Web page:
I’ve been going without a lot, lately! As well as nearing the 300 day mark of this year without sport, I’m giving up surfing the net and news for Lent.
Also, when driving around, something you tend to do a lot of in Melbourne – it’s so vast – the radio / CD player is staying off, ensuring I don’t slip off into mindless daydreams.
On top of this, my cross trainer decided to get in on the act and give up the ghost, with its right wheel needing replacing. This took 2+ weeks!
(As an ‘aside’, the replacement for the cross trainer became extra runs. When the calf muscles decided this was ridiculous, humbling cross-training sessions of push ups and sit ups, star-jumps, jogging and shadow boxing ensued.
So if it was me you saw at stupid o’clock on various mornings enacting [trying to] these various fitness activities, with a dog suspiciously trying to keep its distance so as not to be associated with me, thank you. I appreciate the lack of heckling…)
So with music not going on in the car and the CD player – my one source of oxygen while I bust my chops for half an hour a few times a week – waiting idly by for the cross trainer to be fixed, I was pretty music music-less for a fortnight.
Not that I’d really noticed.
It wasn’t until I jumped back on the repaired cross trainer on Sunday morning and I was halfway through the session that I realised what had transpired.
I was really enjoying the CD I was listening to.
As in, really into it.
It wasn’t like it was a classic album that I was listening to for the first time. I had listened to it heaps of times before – it was the “It’s Blitz” album from the Yeah Yeah Yeahs. Insert the ‘2009 called and they want their playlist back’ gag here … I’m not much of a music buff at all – I like them, I saw them live at Festival Hall, after getting searched – true story! – let’s just move on…
Because I had experienced some time apart from any music at all, my senses were heightened as the different tunes played out. I do admit that with a cross-training machine that felt like new, it was nice to concentrate on something other than ensuring I could actually breathe.
The guitar work, the riffs, the keyboard work of Nick Zinner, the voice of Karen O; everything was hitting me in a brand new manner as the tracks unfolded.
For an album that I initially quite liked before it became another ho-hum album that ‘just got put on’, now I loved it!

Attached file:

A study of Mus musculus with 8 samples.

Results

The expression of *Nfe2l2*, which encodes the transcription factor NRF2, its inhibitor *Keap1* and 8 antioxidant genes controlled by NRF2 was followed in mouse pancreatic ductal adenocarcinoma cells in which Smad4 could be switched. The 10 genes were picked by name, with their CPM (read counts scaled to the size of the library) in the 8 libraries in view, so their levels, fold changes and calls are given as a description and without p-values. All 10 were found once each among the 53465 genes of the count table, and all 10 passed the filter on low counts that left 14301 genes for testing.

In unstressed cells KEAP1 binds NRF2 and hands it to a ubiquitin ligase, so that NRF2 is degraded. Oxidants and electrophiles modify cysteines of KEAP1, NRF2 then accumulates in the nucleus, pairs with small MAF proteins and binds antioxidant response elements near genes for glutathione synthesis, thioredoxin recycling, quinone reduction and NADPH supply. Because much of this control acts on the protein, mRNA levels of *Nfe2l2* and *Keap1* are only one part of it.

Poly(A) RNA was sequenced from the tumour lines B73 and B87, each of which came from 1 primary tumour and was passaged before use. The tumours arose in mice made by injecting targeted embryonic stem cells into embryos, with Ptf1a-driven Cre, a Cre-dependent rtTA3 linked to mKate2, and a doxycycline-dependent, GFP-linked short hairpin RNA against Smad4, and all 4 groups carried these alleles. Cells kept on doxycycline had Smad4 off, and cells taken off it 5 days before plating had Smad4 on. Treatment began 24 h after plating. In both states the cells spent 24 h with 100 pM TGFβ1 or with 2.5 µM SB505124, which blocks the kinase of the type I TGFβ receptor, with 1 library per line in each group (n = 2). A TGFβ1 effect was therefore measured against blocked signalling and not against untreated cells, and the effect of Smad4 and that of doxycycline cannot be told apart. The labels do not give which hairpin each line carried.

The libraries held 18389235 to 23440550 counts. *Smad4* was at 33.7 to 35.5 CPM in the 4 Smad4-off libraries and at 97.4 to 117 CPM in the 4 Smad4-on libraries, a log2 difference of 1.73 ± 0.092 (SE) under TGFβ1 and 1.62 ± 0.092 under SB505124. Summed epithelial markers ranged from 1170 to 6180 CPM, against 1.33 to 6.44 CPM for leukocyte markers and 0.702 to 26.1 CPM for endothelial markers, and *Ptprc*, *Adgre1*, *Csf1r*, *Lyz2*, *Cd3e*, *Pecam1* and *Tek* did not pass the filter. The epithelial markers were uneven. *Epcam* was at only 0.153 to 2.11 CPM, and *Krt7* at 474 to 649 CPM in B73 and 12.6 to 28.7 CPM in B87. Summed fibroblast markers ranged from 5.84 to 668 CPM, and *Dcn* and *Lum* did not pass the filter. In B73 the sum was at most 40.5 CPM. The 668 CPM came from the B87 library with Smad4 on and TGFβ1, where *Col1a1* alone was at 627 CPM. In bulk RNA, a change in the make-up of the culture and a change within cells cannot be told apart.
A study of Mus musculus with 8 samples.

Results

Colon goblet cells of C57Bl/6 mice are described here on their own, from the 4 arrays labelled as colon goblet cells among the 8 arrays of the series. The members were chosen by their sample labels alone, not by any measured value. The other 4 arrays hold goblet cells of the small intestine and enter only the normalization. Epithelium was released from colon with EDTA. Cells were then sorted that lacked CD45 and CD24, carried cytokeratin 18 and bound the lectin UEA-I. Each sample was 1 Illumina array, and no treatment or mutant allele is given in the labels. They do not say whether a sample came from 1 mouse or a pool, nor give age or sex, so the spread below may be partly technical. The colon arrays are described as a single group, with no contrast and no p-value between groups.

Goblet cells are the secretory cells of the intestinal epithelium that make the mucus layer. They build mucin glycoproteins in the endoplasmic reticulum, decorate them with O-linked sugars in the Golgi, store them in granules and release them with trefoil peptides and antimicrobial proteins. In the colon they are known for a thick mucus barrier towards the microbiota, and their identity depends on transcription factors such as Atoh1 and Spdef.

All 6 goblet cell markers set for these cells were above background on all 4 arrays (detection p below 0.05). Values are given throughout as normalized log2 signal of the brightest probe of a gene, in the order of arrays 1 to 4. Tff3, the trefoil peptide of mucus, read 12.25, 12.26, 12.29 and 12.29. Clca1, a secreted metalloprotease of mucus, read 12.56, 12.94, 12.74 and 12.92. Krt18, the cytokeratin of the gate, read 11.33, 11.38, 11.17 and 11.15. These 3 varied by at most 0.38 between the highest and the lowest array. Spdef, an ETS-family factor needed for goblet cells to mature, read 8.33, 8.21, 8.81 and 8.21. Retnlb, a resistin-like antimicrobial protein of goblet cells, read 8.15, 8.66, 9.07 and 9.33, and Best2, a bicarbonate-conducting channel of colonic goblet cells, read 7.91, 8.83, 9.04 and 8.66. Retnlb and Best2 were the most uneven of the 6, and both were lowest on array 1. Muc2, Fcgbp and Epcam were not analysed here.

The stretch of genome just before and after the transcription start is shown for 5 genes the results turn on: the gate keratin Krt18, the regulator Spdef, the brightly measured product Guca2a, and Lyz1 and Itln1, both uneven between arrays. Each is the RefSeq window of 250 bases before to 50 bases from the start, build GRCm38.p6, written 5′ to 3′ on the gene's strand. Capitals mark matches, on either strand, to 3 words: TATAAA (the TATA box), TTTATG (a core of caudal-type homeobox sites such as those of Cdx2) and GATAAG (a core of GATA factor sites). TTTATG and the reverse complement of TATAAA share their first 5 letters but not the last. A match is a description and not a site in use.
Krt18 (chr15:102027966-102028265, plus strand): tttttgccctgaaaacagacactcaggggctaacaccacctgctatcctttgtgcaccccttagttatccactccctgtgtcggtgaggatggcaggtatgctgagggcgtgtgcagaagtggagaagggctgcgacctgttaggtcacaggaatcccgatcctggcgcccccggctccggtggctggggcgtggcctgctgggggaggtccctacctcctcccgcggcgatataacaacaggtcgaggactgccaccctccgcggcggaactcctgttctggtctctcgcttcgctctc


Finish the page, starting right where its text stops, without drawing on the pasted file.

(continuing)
Giving it up
There’s something undeniable about rediscovering the joys of something you love, as if you’ve never experienced it before. Sacrifice or fasting will do that to you. It’s not supposed to be about that; about you, but so often the transcendent benefits you experience make a mockery of the term ‘sacrifice’.
It’s amazing how you can be around your wife or husband or whoever day after day and never think anything of it. Yet, spend a night or 2 away from each other for a work trip, camp or visiting a family member, and the levels at which you miss them and await their company again is at an exponential level.
On a micro level, that just happened to me with music. 2 weeks was all it took!
At a macro level, I am currently experiencing all the benefits that have gone with going without sport for the last 297 days. I won’t repeat them for fear of sounding like a broken record, but I will repeat that I will never look back on this journey and regret it.
The beautiful game
The beauty of all this is that I am ‘soon’ to experience the richness of what I felt re-entering the world of music, but multiplied by 26!
I can’t wait to re-engage with the world of sport on a healthy level, experiencing it afresh, the big games, the coming together of friends for anticipated events, appreciating the unbelievable skill of the NBA players, the courage of the AFL contingent and the athleticism and dramatic flair of the WWE superstars.
Of course there’s areas within that framework to be wary of, but sport’s taken enough of a shellacking these past months, so again, I won’t list them.
It’s not a stretch, though, to suggest that most would espouse the virtues of their sacrificial journey, rather than lamenting their martyrdom. It’s the dichotomy of sacrificial living; the benefits come unexpectedly, and in abundance.
If you’re doing it simply to be counter-cultural, you’re going to end up unsuccessful, bored, bitter or you’re going to fill the space with other distractions or white noise.
But if you truly engage, immerse yourself and honour the journey, transformation lies in wait.